Dragons' stability unlike anything Mary has seen
Unprecedented stability in the Dragons playing ranks has Paul McGregor confident he can navigate his side's alarming post-Anzac Day form slumps of recent years.
For the eighth straight week McGregor has named an unchanged starting side ahead of Wednesday's bumper clash with the Roosters, and has used only 18 players so far this season.
In all his time as a player and now NRL coach, McGregor admitted he couldn't recall a similar scenario, at least "not with the talent I've got available" in his current squad.
The 2018 ladder leaders also used just 25 players last year (equal fewest with Canterbury), but failed to make the finals after going into their traditional Anzac showdown sitting in first place.
A similar fall plagued the club in 2015 as well, when they nosedived after a strong start to bow out in week one of the finals having finished eighth.
But coming off their first loss of the year to the Warriors and a five-day turnaround, McGregor stressed he has a more rounded team at his disposal thanks in part to the marquee signings of Ben Hunt and James Graham.
"We've got different personnel, a lot more experience and we've got two very experienced and a No.7 in James and Ben," McGregor said.
"And our guys a lot more experienced individually too. Our forwards are all around that 26-27 age, which is a really nice age of seasoned players.
"We've got Euan [Aitken] now in his third or fourth year, [Matt] Dufty gives us a point of difference at the back, Cam McInnes is now an 80-minute hooker where he wasn't this time last year.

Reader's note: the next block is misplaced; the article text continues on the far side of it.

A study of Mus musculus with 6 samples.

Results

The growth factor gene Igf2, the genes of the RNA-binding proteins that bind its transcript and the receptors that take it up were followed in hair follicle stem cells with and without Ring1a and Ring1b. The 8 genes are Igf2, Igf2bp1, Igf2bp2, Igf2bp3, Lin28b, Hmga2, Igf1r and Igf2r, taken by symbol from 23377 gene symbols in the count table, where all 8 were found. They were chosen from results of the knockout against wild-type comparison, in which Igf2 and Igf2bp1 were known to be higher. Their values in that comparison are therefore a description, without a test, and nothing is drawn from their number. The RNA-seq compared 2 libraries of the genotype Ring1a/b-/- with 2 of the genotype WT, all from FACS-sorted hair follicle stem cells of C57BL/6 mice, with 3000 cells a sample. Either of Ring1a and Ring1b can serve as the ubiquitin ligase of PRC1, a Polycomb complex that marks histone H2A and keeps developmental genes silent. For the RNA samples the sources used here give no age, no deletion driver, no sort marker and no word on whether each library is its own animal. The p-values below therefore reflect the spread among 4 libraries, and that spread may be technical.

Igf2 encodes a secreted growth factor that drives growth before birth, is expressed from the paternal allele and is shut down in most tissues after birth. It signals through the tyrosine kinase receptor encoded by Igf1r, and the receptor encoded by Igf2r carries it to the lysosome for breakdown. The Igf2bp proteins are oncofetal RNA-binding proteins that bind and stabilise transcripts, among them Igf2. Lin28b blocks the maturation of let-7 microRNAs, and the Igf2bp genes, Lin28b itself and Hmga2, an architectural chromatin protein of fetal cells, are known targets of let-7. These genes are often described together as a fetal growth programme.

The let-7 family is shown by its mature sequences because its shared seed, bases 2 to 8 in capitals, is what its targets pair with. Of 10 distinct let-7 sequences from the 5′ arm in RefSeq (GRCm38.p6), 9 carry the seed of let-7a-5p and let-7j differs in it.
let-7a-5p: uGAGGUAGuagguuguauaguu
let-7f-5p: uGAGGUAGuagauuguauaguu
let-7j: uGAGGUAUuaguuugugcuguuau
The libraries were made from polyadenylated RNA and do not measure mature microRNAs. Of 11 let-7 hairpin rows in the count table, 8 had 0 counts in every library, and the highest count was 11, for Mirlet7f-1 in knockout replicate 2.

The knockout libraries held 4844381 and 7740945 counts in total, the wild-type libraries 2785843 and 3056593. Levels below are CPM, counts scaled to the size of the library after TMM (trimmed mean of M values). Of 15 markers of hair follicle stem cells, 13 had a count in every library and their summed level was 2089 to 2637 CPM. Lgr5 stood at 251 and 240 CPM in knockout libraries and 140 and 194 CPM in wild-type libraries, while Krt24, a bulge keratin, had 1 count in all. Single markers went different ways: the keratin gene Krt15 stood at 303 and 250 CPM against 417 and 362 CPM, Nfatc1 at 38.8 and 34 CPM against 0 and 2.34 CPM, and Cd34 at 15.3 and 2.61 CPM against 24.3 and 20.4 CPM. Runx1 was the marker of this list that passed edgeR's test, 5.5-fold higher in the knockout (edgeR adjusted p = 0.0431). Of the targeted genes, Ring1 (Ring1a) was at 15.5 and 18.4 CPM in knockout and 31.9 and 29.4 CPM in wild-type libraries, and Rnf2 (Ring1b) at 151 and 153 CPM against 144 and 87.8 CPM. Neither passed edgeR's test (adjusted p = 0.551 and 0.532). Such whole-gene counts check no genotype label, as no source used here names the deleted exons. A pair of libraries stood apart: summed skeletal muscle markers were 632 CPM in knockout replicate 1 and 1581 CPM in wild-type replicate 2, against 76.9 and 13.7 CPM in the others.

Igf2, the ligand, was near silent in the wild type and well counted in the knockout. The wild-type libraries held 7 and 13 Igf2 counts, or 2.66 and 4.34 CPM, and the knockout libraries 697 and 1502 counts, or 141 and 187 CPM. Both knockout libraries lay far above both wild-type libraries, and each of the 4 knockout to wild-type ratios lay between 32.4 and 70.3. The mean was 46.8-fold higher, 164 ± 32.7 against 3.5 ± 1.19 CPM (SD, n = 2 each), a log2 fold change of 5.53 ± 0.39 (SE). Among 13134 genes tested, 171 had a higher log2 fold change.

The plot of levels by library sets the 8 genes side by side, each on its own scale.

"So I think it's a combination of everything. It's not just one thing. But we're in a better situation than we ever have been as my three years as coach."
The Dragons will only have one field session on Tuesday as a result of their short turnaround and return from New Zealand, while the Roosters have an extra day of recovery from last Thursday's exhaustive shut-out of the Bulldogs.
McGregor called out what the Warriors repeated goal line infringements last Friday, which saw them prevail on the scoreboard despite conceding a 13-5 penalty count.
The Roosters famed 2013 defence of their own try line drew on similar tactics, and veteran winger Jason Nightingale conceded other teams would likely adopt a similar blue-print to nullify their attack, currently the most potent in the competition.
It's obviously an effective way of defending, which is a shame but we got pinged on our own line when we were trying to defend as well," Nightingale said.
Asked if it was a tactic the Dragons expected to encounter in future, he said: "I think it was effective... that was very effective as far as defending us went. I assume (opposition teams) will. It worked."